Most biotechnology companies have still to sell a single product, yet many have proved brilliant at marketing themselves. Chiroscience is a case in point. The group has racked up ever-increasing losses, which grew by another 61 per cent to pounds 18.7m in the year to February and are now 15 times the level of four years ago. Despite that, the group still had pounds 51.4m in the bank earlier this year, raised from cash calls on its shareholders, and, even after yesterday's 17.5p fall to 335p, it has a heady market capitalisation of pounds 354m.
The company has not been shy about selling the virtues of its drugs pipeline, which includes a look-alike version of British Biotech's Marimastat anti- cancer drug and a non-steroidal asthma drug based on so-called PDE IV inhibitors. It is already claiming its matrix metalloproteinase drug for cancer and its asthma treatment offer reduced side effects. Yet the comparisons are being made against drugs some years away from the market, while the company's own treatments will only start to be tested in humans later this year.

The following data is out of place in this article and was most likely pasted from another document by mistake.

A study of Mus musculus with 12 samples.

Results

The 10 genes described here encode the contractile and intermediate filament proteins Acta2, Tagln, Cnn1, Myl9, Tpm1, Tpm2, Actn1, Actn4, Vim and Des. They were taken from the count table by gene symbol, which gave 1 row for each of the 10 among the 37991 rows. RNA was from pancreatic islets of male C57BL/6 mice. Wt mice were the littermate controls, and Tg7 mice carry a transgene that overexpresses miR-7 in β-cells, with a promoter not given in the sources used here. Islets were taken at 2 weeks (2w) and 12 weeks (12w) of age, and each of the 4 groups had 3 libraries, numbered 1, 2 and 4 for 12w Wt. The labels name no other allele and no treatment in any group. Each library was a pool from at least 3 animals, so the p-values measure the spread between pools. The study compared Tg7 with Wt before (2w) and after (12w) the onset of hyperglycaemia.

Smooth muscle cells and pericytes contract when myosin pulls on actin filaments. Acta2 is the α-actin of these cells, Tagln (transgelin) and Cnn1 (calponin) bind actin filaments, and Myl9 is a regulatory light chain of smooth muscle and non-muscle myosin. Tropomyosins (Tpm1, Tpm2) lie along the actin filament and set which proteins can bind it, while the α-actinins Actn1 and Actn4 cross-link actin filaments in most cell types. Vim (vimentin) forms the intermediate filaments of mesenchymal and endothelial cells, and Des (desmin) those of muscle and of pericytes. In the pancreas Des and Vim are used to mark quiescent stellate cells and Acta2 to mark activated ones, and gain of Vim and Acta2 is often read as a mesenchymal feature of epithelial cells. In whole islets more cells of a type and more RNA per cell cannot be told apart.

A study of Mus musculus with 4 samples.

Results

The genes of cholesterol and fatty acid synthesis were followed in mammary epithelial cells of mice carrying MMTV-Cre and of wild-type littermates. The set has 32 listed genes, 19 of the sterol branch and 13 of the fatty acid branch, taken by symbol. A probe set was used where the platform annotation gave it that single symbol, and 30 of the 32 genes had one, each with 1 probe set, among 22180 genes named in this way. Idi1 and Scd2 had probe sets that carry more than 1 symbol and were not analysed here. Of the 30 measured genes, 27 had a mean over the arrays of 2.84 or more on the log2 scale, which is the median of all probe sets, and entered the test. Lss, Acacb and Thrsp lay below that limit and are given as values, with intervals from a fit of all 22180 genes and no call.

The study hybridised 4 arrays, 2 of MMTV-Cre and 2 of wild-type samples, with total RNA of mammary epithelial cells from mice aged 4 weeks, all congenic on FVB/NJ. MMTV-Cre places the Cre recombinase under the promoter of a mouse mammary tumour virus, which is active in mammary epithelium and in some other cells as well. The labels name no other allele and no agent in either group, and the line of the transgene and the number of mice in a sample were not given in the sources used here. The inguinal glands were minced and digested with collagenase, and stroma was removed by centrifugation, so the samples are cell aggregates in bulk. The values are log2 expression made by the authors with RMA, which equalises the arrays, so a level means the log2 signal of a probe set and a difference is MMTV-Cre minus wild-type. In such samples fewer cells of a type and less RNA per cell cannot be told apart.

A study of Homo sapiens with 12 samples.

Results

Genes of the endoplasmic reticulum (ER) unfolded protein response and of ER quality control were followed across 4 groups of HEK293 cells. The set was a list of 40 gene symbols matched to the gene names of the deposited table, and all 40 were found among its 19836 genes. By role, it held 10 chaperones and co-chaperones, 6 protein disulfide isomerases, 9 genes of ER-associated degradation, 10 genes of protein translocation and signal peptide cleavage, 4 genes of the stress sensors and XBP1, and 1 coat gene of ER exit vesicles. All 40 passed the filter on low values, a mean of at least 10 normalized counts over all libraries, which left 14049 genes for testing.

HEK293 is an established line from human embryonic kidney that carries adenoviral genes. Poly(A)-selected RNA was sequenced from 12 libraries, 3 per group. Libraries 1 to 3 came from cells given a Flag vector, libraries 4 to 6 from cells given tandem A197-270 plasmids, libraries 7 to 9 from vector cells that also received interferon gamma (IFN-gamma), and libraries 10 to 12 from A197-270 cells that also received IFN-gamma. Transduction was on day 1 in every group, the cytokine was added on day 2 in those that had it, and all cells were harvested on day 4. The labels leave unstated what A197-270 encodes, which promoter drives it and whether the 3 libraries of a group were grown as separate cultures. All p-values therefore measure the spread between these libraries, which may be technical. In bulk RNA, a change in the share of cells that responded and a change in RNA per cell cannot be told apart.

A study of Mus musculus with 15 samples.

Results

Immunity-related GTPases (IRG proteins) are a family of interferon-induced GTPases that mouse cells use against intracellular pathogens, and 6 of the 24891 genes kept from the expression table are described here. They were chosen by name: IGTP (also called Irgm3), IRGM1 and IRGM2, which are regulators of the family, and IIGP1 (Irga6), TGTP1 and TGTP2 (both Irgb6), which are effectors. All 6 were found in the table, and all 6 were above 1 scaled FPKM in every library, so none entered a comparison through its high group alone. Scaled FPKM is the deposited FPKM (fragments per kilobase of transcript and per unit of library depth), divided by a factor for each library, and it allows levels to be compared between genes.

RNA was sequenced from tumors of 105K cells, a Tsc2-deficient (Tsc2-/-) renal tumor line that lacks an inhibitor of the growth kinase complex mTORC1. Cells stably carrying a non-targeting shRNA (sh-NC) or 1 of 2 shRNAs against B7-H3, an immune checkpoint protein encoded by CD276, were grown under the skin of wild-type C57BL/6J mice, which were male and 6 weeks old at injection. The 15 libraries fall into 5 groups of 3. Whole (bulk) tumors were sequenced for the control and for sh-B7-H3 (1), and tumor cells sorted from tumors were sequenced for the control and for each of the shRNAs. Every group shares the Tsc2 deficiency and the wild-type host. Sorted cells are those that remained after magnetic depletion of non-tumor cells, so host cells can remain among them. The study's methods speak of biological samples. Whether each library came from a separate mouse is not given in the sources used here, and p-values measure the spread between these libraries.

More tangible evidence of progress came yesterday with news the ChiroTech subsidiary had become the first part of Chiroscience to break into the black, recording profits of pounds 1.2m last year. The business merely provides intermediate chemicals, admittedly sophisticated ones, to other pharmaceutical companies.
Chiroscience is promising an update next month on progress at Darwin Molecular, the US drug discovery operation acquired last year in another marketing coup, bringing in as it did Microsoft founder Bill Gates as a shareholder.
But more important is the outlook for Levobupivacaine, a more chemically pure version of an anaesthetic produced by Astra. That is on course to be submitted for approval in Europe this year.
But with so much riding on that single product, the shares remain speculative. A further cash call is also a real prospect, given that operating losses are set to rise to pounds 25m this year.